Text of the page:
Don’t you wonder what Christmas time was like for Saint Theodora/Mother Theodore and her sisters? No doubt, their home in the mid-1800s was not as warm and cozy as ours today. Nor was their table filled with the abundance most of us enjoy.
The simpler time was less stressful in some ways and more challenging in others. On one hand, there wasn’t any email or voice messages to check or a long list of errands to fulfill in heavy traffic. On the other hand, wood needed to be cut for fire to heat their home and cook their modest meals. Laundry was done by hand. Food had to be raised and prepped before eating. We know from Saint Theodora’s journals that they farmed growing potatoes and other vegetables and raised livestock which was not only to feed the sisters but their students as well.
The French brought Roman Catholicism to the state before 1750 although most residents of Indiana were Protestant until immigration from Germany and Ireland began to change that ratio in the mid-1800s. The sisters arrived to respond to that increased need for Catholic churches and schools.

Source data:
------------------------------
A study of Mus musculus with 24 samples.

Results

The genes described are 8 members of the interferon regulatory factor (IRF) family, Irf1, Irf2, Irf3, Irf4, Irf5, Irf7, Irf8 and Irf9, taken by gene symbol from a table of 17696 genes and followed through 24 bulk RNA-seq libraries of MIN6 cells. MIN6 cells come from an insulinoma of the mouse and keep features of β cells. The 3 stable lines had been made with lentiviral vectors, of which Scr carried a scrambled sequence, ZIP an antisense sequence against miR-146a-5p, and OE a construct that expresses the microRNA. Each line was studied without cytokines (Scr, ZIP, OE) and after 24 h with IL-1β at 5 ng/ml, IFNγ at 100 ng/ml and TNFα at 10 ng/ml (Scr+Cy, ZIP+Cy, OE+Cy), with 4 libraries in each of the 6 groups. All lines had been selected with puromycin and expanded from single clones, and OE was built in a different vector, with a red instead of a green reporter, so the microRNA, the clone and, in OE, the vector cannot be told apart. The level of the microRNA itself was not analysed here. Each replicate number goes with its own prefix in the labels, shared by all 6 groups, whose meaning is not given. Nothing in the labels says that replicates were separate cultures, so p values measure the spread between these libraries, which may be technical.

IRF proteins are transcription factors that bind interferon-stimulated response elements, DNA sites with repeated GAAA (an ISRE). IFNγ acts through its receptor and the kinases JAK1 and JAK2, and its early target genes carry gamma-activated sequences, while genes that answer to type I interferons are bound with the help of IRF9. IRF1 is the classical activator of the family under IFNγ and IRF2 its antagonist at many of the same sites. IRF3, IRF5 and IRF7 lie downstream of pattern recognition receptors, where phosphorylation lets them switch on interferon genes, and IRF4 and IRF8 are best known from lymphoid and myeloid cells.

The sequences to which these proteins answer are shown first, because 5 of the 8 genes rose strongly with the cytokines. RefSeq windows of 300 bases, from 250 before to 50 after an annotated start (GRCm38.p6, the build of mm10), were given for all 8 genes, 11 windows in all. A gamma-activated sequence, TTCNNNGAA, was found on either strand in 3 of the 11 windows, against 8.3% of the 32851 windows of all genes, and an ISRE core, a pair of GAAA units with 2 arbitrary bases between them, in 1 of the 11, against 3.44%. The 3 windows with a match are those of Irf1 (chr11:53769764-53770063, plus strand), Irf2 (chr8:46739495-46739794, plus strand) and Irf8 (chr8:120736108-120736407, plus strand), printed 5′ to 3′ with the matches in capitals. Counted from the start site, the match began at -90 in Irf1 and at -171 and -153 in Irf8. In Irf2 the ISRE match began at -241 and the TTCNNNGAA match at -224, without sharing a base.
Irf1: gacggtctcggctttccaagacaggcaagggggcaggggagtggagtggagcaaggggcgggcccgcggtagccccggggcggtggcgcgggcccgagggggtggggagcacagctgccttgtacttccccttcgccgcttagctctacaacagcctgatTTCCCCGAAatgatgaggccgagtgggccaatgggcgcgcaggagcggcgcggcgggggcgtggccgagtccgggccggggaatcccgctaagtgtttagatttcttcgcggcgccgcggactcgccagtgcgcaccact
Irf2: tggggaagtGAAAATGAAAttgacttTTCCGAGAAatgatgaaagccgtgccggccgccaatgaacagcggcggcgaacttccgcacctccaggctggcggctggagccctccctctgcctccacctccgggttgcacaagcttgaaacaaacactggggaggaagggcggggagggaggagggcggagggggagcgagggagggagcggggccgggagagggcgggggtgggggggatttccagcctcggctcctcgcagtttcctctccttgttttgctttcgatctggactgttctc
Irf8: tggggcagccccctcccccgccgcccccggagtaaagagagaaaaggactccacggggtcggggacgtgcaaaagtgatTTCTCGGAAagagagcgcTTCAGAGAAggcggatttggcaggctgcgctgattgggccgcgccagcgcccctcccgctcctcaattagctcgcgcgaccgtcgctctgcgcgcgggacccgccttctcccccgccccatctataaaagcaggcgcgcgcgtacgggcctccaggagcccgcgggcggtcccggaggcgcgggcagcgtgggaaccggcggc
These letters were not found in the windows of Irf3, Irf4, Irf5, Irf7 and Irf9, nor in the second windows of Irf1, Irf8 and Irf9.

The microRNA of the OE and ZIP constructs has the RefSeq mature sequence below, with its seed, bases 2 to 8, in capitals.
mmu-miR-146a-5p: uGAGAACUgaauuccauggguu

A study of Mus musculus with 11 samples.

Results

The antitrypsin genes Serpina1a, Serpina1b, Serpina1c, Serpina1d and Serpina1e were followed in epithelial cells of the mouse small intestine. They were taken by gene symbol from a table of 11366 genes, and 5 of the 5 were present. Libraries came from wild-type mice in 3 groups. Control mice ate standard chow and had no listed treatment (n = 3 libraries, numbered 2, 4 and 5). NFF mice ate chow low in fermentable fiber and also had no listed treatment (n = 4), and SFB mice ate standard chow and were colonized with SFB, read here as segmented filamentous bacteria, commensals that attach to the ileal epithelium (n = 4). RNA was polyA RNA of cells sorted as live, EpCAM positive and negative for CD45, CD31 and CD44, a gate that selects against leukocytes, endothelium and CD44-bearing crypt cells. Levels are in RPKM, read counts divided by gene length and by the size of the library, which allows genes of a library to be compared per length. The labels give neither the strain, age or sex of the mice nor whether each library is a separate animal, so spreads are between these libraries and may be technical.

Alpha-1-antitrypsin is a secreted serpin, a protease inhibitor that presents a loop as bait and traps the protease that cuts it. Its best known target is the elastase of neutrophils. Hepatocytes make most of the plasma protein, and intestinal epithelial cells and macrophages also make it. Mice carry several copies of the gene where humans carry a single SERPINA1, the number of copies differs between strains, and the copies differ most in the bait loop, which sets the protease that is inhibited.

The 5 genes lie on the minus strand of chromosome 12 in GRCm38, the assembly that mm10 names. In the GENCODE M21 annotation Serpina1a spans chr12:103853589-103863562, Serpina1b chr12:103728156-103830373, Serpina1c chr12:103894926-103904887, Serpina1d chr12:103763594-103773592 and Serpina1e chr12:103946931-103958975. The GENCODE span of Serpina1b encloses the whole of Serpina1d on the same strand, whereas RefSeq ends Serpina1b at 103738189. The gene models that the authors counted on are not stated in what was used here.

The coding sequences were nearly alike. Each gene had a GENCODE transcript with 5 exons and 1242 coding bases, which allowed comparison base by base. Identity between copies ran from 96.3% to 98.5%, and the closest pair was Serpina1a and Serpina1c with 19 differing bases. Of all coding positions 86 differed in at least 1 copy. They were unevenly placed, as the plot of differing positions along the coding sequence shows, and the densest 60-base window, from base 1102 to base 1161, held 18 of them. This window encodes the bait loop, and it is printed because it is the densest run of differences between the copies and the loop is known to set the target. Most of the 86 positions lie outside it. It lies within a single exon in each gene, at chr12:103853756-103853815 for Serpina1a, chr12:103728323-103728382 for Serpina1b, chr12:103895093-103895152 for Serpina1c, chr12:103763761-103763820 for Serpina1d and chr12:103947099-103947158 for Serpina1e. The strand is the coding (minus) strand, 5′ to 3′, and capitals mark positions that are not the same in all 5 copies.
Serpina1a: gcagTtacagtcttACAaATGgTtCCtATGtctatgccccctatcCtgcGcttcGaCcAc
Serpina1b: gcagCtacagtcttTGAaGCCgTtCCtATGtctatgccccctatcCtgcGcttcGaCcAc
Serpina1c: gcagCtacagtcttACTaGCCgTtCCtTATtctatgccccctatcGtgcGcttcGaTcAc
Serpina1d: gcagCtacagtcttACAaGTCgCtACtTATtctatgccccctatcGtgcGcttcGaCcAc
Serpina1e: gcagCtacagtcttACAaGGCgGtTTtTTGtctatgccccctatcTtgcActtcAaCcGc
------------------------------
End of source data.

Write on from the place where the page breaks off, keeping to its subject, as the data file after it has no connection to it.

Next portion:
Most students paid tuition which assisted with their housing and educational expenses, however, if they couldn’t pay, the sisters did not turn them away. Indiana University opened in 1825 but few, if any women received higher education prior to the opening of what is now known as Saint Mary-of-the-Woods College.
Saint Theodora and her sisters may well have taken part in Indiana’s long history of women’s activism. The Indiana Woman’s Suffrage Association was founded in 1851. At the Indiana State Legislature on January 19, 1859, they called for women’s suffrage, temperance, and equal rights.
Saint Theodora encouraged cleanliness. She understood that infections were spread through contacting germs from one another and the environment. Such attendance to hygiene was not common practice among the public during her time and resulted in many early deaths from disease.
Life expectancy averaged under 39 years due in great part to the lack of sanitation. In spite of Saint Theodora’s life-long illness, the demanding physical responsibilities of the convent, schools, and farm in the harsh, and untamed wilderness, she surpassed that average surviving until the age of 58.